Developers are often unaware of companies that have repeatedly made claim-inducing mistakes and increased the risk-profile of offshore wind farms, Jonny Atkins, an underwriter at GCube told Windpower Monthly.
This could be addressed in several ways, he suggested.
By engaging insurance brokers at an early stage in a project, presenting them with a list of prospective suppliers and contractors and asking for a quote before awarding contracts, developers could avoid costly premiums.
Thoroughly researching potential suppliers or contractors, sharing knowledge and expertise with industry newcomers — especially in new markets — or just sticking to "tried-and-tested" companies could also help developers save on insurance costs, Atkins added.
"In order to effectively underwrite a project we need to take into account its full risk-profile, and suppliers or contractors play a crucial role in this," Atkins explained.
"We use our data from past projects to identify claims trends and naturally if we see that particular companies are repeat offenders, we will load the premium accordingly.
"Conversely, if they go with a supplier or contractor with whom we have a good experience, the owner will benefit from a premium saving."
He added that given the high costs of offshore wind development, the potential deviation in a premium could be "significant".
Finding out as much as possible about potential suppliers or contractors through visits to factories could also help developers make informed decisions, Atkins added.
This could help them avoid contracting error-prone companies, and ultimately driving up premiums.
"You can tell a lot from visiting a factory," he explained. "It should be a pretty slick operation, and if it’s not, you can start to ask questions."
However, he concedes that as subsidies come down, and as the industry tries to compete on costs, some companies struggle to justify the additional expense.
But the expense can be worth it, Atkins added: "Suppliers won’t like it, but some have made some pretty horrendous mistakes that developers don’t know about."
Getting to know suppliers or contractors can be particularly beneficial as the offshore wind industry expands into new markets, with local content requirements ushering in a wave of new companies.
Human error accounted for about 70% of all offshore wind-related claims GCube processed in the last 12 months, and such newcomers, with inexperienced workers, can be particularly liable to making costly mistakes — even under the supervision of veteran developers.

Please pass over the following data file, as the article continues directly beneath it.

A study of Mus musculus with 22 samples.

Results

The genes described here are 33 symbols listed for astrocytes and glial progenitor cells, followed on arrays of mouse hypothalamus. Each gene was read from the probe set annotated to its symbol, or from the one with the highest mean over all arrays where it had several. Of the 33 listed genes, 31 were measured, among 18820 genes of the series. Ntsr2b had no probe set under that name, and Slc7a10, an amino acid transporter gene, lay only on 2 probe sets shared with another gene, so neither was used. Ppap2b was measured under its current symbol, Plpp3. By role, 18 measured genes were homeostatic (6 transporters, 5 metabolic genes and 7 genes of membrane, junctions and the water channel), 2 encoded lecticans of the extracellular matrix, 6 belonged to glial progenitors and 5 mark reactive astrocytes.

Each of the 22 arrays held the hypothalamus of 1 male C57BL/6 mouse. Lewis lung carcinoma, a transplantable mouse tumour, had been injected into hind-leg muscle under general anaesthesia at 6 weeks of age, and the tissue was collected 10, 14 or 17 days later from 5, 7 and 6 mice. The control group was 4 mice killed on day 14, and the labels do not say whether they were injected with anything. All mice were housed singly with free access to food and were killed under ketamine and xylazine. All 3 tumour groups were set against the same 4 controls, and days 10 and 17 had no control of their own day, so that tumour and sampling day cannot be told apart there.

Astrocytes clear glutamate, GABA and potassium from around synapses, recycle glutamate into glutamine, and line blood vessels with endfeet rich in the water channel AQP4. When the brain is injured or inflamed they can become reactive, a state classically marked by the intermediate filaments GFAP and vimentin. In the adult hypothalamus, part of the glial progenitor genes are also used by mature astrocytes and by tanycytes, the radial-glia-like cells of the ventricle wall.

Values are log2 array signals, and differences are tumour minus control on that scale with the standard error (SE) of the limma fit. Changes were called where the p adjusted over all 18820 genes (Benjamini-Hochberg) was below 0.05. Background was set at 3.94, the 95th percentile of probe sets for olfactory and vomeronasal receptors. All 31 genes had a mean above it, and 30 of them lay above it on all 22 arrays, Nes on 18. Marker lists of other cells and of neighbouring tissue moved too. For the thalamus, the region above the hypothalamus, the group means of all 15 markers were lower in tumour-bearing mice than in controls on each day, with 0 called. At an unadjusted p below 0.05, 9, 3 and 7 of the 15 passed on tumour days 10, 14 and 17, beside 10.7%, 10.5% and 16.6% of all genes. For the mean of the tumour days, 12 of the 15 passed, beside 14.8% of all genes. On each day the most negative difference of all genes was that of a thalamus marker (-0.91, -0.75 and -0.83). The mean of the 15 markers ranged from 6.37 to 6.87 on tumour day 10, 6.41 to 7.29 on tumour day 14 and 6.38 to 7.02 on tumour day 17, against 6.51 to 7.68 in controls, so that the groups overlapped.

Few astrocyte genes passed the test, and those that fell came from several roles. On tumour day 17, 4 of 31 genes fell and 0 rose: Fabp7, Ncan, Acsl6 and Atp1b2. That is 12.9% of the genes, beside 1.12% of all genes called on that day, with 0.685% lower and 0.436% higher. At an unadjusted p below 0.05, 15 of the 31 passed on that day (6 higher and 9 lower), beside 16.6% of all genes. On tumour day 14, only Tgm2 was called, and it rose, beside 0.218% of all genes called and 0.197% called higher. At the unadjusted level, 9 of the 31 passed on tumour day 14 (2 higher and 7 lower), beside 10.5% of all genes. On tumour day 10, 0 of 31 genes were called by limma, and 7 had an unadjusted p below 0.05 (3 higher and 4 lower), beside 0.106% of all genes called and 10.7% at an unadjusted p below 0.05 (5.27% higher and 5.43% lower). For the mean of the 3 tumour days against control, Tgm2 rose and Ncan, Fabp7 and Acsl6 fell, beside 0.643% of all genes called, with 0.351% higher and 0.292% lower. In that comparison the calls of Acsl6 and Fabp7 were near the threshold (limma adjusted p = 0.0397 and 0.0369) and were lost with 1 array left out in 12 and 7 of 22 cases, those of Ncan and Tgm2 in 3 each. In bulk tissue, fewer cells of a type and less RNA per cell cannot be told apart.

"You have to learn on the job to some extent," Atkins added. "It’s difficult to transfer knowledge seamlessly."
New markets can also bring new challenges with harsh weather conditions.
Manufacturers have been preparing for emerging markets in south-east Asia by unveiling "typhoon-ready" turbines, but as Atkins points out these are "unproven".
If such turbines do not survive such strong winds, premiums will increase, he added.
Insurers have developed their underwriting expertise in the European market, Atkins said, with offshore wind’s new frontiers in south-east Asia and the US giving rise to new challenges likely to increase premiums.
But even in Europe, where developers are looking at new sites, and with new technology, there are new challenges on the horizon.
"A lot of the good sites — with good seabed conditions, a good geophysical profile, and closer to shore — have now been taken," he explained.
"Now, in later rounds of auctions around Europe, developers are having to deal with more challenging conditions."
Installation of monoiles (above) in deeper waters has led to a rise in foundation-related claims (pic:Sif Group)
Such conditions can include sites farther from the shore, in deeper waters, and on a rockier seabed — increasingly prompting the use of drill, rather than just a hammer.
In the last 12 months, GCube has seen a rise in the severity of claims relating to foundations — particularly monopiles installed at sites in deep water.
Foundation-related losses now account for 35% of total claims, and Atkins believes this can be attributed to installation in deeper and deeper waters.
"There’s a lot of scope for things to go wrong," he added.
Floating foundations can enable offshore wind deployment in deeper waters. But so far, developers and manufacturers are struggling to perfect the technology.
All but one of the floating wind installations GCube has insured in the last 12 months has suffered a significant mechanical breakdown.
The foundation of one unidentified installation even capsized when it was first put into the water, Atkins revealed. But mooring lines tend to be a far more common, claim-provoking error, he added.
There is also not yet consensus on the optimal design for floating foundations, Atkins said.
"There have been a whole host of demonstrators that have different designs," he said.
"We hope to get to the point where developers choose one that they like and it works out. But if we continue to go sideways with new designs, we are never quite moving away from that prototypical nature."
A 5MW floating platform set for a site near Fukushima, Japan, keeled over in 2016 (pic: Yomiuri Shimbun)
As the offshore wind industry grows, expanding into new markets with new participants, and into challenging new sites and with new technology, the role of the insurer could evolve, Atkins suggested.
"Insurance companies will have a whole host on offshore wind farms around the world," he added.
"There’s a big resource there, that’s not being tapped into. They’re not just there to pay claims. They’re also available to share expertise and knowledge."